Fintech adoption grows in Canada, but we’re still behind

A new EY report provides some insight into why our adoption rate lags globally.

pexels-photo-276865

Canada’s adoption rate of fintech services has jumped over the past two years, but we’re still trailing behind other countries.

Consultancy EY’s 2017 Fintech Adoption Index suggests adoption in this market has increased to 18% from 8% in 2015.

But that 18% of survey respondents who say they’ve used two or more fintech services in the last six months compares to an average of 33% globally who say the same (the consultancy’s analysis is based on 22,000 online interviews across 20 markets, with 1,020 respondents in Canada).

ey-canada-fintech-wheel

So why the lag?

The main reason is that a large portion of Canadians are unaware of products in this space, with 22% reporting not having heard of any fintech (though that’s still much lower than the 49% who said the same two years ago).

Aside from a lack of knowledge being a barrier, some respondents just prefer traditional services – an attachment which, EY says, means fintech players need to focus on their brand building to compete with more established companies.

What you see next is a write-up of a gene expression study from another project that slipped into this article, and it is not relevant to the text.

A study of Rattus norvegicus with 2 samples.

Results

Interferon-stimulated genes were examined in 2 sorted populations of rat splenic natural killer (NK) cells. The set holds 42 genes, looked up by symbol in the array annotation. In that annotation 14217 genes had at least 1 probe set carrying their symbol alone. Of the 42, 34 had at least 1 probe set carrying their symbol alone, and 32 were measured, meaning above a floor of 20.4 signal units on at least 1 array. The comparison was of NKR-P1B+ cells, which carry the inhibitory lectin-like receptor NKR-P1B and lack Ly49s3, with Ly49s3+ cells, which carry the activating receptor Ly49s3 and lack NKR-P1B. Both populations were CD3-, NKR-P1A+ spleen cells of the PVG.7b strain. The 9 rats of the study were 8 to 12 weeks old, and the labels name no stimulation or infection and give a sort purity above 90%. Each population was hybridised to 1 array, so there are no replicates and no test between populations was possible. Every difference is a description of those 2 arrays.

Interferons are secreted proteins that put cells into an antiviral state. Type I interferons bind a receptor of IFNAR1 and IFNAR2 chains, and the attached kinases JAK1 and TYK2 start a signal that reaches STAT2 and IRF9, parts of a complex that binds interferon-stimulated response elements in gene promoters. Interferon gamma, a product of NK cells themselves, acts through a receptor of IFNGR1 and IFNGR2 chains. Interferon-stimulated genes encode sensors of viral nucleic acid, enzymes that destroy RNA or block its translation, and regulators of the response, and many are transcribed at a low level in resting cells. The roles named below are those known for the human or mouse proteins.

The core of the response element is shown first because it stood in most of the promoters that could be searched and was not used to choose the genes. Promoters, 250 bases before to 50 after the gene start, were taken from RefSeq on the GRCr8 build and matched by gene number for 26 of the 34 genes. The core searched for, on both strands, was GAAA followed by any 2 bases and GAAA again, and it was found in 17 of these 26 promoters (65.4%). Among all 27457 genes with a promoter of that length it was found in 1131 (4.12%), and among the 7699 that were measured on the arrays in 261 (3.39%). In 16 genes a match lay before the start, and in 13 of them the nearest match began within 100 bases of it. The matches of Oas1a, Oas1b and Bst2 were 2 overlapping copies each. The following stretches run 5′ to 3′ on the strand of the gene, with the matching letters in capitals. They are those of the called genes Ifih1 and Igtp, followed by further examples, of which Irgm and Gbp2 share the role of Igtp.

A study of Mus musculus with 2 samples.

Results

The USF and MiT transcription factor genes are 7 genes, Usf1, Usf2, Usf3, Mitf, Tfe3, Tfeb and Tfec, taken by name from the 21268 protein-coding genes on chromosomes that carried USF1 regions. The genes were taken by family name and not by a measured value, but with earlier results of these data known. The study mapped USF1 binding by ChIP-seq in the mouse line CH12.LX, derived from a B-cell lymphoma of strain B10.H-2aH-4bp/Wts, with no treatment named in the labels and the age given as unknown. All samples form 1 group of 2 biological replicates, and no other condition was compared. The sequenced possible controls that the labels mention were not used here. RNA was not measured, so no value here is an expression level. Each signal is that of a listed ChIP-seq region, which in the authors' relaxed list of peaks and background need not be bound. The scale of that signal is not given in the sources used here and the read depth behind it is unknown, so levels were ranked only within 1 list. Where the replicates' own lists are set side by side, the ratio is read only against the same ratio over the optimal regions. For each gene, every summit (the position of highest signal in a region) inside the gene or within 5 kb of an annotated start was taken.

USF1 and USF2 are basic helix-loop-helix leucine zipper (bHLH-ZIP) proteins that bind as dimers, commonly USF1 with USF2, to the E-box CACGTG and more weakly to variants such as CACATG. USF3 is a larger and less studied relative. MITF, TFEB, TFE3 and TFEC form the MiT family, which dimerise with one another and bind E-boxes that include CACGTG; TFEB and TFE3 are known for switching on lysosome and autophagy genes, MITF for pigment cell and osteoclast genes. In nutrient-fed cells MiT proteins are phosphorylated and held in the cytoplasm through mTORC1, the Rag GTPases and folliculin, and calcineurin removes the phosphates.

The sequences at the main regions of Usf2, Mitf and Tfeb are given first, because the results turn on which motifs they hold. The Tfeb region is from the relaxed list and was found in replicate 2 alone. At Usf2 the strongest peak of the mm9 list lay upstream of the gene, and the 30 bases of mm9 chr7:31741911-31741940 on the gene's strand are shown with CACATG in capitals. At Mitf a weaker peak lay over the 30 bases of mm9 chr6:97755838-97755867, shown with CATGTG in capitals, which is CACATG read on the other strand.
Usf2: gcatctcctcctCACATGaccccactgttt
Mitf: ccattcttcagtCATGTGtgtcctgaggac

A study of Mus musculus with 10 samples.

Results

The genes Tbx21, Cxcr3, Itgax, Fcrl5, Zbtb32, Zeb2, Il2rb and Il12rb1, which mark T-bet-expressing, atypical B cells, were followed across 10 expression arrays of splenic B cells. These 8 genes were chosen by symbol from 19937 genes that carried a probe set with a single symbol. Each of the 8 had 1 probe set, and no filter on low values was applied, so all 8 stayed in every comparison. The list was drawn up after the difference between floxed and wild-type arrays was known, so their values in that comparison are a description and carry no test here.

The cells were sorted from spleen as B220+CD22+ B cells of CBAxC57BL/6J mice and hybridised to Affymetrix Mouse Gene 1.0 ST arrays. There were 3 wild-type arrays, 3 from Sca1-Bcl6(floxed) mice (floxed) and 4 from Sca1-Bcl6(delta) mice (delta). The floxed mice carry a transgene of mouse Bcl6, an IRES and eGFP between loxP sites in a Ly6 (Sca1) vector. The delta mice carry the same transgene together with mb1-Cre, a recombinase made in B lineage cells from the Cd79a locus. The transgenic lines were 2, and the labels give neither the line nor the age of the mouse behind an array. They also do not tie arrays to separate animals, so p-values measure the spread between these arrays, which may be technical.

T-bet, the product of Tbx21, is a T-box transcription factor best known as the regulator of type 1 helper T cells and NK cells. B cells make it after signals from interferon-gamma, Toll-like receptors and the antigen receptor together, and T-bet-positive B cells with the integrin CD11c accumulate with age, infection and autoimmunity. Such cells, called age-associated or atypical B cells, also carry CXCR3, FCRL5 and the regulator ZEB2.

Still, fintech companies and fintech-oriented products are an attractive investment for the big banks, too, as they look to bolster their own digital offerings, EY points out.

In Canada currently, the 25-to-34 demographic is most likely to adopt fintech (at 33%), with 25% of those 18 to 24 and 25% of those 35 to 44 reporting the same. Three per cent of Canadians, meanwhile, fall into the fintech “super users” who report using five or more such services.

The most popular activities for fintech use overall currently include money transfer and payments (41%), savings and investments (12%) and insurance (10%).

The lag in Canada when compared to our global counterparts is expected to change, though, with EY projecting a future adoption rate of 34% here versus 52% globally, based on anticipated future use (though the report doesn’t include a timeline for that).

In particular, use of money transfer services is expected to grow to 51%; savings and investments products to 22%; and insurance to 24%. Borrowing services, currently at just 3% adoption, are also anticipated to grow to 14%, with financial planning offerings, currently at 5% adoption, expected to reach 8%.